A coup attempt thwarted in Sudan Tuesday was planned by military and civilian operatives associated with former President Omar al-Bashir, the country’s prime minister said in a televised statement.
"What happened [was] an orchestrated coup by factions inside and outside the armed forces and this is an extension of the attempts by remnants since the fall of the former regime to abort the civilian democratic transition," Prime Minister Abdalla Hamdok said.
"This attempt was preceded by extensive preparations represented by lawlessness in the cities and the exploitation of the situation in the east of the country, [to] close national roads and ports and block oil production," Hamdok added.
The alleged coup attempt highlighted the challenges Sudan faces as it undergoes a democratic transition, more than two years after the military's overthrow of Bashir during mounting public opposition to his three-decade rule.
A military official said an unspecified number of troops from the armored corps tried to seize military headquarters and state television.
The official also said more than three dozen troops that included high-ranking officers have been arrested in connection with Tuesday’s events.
Speaking on the state-owned television station, Sudan’s information minister and government spokesperson Hamza Balul confirmed security forces arrested a number of top military officers and political leaders. He said all of the detained individuals are Bashir supporters and are being interrogated.
Balul sought to assure Sudanese citizens that conditions are safe in the capital.
“The situation is now under full control after the arrest of the military and civilian leaders of the failed coup attempt, who were captured in Shajarh military base in Khartoum and they are now under investigation," he said. "The concerned authorities are on search for the remaining individuals from the supporters of the former administration who participated in the failed coup attempt.”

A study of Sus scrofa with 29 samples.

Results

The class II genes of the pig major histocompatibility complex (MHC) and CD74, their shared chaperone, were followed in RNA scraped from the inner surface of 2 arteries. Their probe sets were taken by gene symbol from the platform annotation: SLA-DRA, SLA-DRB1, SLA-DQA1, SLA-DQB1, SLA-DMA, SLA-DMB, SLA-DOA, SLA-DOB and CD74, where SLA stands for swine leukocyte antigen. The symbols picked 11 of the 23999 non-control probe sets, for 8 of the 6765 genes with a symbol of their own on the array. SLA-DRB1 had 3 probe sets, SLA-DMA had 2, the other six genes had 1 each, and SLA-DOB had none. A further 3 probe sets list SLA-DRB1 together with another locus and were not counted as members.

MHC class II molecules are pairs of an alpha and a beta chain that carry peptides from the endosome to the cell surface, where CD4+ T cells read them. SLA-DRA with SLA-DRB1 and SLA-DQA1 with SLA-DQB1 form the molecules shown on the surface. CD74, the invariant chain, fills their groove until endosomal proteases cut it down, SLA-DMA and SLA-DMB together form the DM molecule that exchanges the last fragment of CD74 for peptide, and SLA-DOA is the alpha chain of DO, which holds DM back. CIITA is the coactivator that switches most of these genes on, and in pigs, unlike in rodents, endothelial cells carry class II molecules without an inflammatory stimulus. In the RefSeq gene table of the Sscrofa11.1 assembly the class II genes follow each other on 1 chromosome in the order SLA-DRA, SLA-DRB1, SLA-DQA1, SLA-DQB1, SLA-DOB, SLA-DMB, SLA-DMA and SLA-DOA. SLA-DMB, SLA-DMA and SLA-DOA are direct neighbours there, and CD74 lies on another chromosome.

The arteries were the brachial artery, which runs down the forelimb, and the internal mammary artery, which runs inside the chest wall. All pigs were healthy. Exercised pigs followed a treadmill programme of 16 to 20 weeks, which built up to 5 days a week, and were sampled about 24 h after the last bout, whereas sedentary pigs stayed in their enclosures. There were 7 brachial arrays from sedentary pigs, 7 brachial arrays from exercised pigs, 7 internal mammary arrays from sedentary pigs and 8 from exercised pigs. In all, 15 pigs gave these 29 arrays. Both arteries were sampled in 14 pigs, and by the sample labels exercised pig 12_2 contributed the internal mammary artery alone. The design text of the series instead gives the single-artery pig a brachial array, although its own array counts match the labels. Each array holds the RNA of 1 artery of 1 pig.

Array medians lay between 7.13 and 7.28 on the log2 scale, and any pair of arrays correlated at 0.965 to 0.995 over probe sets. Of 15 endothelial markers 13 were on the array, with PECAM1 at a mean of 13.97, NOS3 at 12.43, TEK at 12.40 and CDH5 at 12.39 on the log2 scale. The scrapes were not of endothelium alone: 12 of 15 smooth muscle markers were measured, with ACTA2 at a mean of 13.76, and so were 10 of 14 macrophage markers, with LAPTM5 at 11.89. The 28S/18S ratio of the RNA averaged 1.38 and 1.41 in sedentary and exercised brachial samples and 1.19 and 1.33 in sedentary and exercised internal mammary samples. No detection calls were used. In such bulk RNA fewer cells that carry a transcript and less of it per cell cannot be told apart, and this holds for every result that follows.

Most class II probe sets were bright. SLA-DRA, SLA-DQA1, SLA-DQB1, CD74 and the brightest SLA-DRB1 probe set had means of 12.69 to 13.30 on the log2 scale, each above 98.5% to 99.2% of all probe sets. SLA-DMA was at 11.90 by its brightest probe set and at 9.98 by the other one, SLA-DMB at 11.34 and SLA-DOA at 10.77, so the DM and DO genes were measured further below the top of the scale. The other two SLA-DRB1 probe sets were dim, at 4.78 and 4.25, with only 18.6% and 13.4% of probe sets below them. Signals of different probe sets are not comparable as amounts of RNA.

United Nations Secretary-General António Guterres condemned the coup attempt and warned it could delay the country’s transition to democracy, according to his spokesman Stéphane Dujarric.
“Any effort to undermine Sudan’s political transition will jeopardize the hard-earned progress made on the political and economic fronts,” Dujarric said in a statement.
“The secretary-general calls on all parties to remain committed to the transition and the realization of the aspirations of the Sudanese people for an inclusive, peaceful, stable, and democratic future,” Dujarric added.
The Sudanese military ousted Bashir in April 2019. Since then, Sudan has been governed by the Sovereign Council under a precarious power-sharing agreement between military and civilian officials.
Balul says the government will continue to defend the 2019 revolution through the support of its citizens and will not allow anyone to, in his words, “spoil this journey.”
He assured the Sudanese people that the transitional government is committed to implementing all reforms enshrined in last year’s peace deal with former rebel groups.
“We in the civil government institutions assure that we will not neglect the gains of the Sudanese people," he said.
Transitional government authorities have accused factions loyal to Bashir of previous coup attempts.
Since Bashir’s ouster, Sudan’s government has taken steps toward normalizing relations with the West. The U.S. removed Sudan from its list of state sponsors of terrorism in December 2020.
Hamdok’s government has also undertaken a series of tough economic reforms to qualify for debt relief from the International Monetary Fund. The steps, which include a slashing of state subsidies, are seen by many Sudanese as too harsh.
Sudan is expected to hold elections in 2024.
VOA’s South Sudan in Focus contributed to this report. Some information came from the Associated Press and Reuters.